Jessica Hill
Michael Skakel enters the State Supreme Court for a hearing in Hartford, Conn., in 2016.

In a stunning reversal, the Connecticut Supreme Court on Friday vacated Kennedy cousin Michael Skakel's murder conviction and ordered a new trial in connection with the 1975 killing of his 15-year-old neighbor, Martha Moxley, in Greenwich.

Skakel, a nephew of Robert F. Kennedy's widow, Ethel Kennedy, was convicted of murder in 2002 in the bludgeoning death of Moxley in their wealthy Greenwich neighborhood, when they were teenagers.

It took Connecticut prosecutors 27 years to bring charges against Skakel for the murder. The initial wrangling was over whether or not he would be tried as an adult for a murder he was accused of committing when he was a teenager.

In 2002, he was sentenced to 20 years to life in prison, but was freed on $1.2 million bail after the lower court overturned his murder conviction in 2013.

In 2016, a divided Connecticut Supreme Court reinstated Skakel’s conviction.

That court now, with the same evidence, ruled 4-to-3 to reverse its earlier decision and grant Skakel a new trial.

“The effort to free him is a tragedy for Connecticut and especially for the Moxley family,” says Jeffrey Toobin, a legal analyst who has followed the trial.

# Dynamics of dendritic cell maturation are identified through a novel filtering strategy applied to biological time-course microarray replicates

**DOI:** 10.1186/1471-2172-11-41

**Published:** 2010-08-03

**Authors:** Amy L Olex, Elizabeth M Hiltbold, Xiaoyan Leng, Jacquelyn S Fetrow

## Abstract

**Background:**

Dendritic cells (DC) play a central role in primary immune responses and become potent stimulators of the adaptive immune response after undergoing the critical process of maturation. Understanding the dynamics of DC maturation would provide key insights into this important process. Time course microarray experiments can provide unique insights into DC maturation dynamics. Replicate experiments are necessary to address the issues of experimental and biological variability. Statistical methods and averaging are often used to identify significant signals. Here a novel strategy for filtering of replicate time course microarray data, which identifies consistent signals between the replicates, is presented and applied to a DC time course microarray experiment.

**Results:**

Toobin says he doubts that the State of Connecticut will ever try Skakel again.

“It was difficult enough to try him all those years after the crime. To do it all these years later, with witnesses again and dying, disappearing, I don’t think it’s at all a foregone conclusion that the State of Connecticut will try him again.”

Skakel’s lawyer, Hubert Santos, had asked the Supreme Court to reconsider its 2016 ruling, resulting in Friday's decision. Afterward he released a statement, saying “this has been a long road for Michael” and that he’s grateful to the court for its latest ruling.

The case has drawn international attention because of the Kennedy name, Skakel's rich family, numerous theories about who killed Moxley and the brutal way in which she died. Several other people, including Skakel's brother Tommy Skakel, have been mentioned as possible killers.

Moxley's brother, John Moxley, told the AP that he was disappointed with the ruling and that it was too soon to say what the family would want next in the case.

"I don't know what the next steps are. My mom is getting older. I just don't think she has the strength to go with this," said Moxley.

As WSHU Public Radio’s award-winning senior political reporter, Ebong Udoma draws on his extensive tenure to delve deep into state politics during a major election year.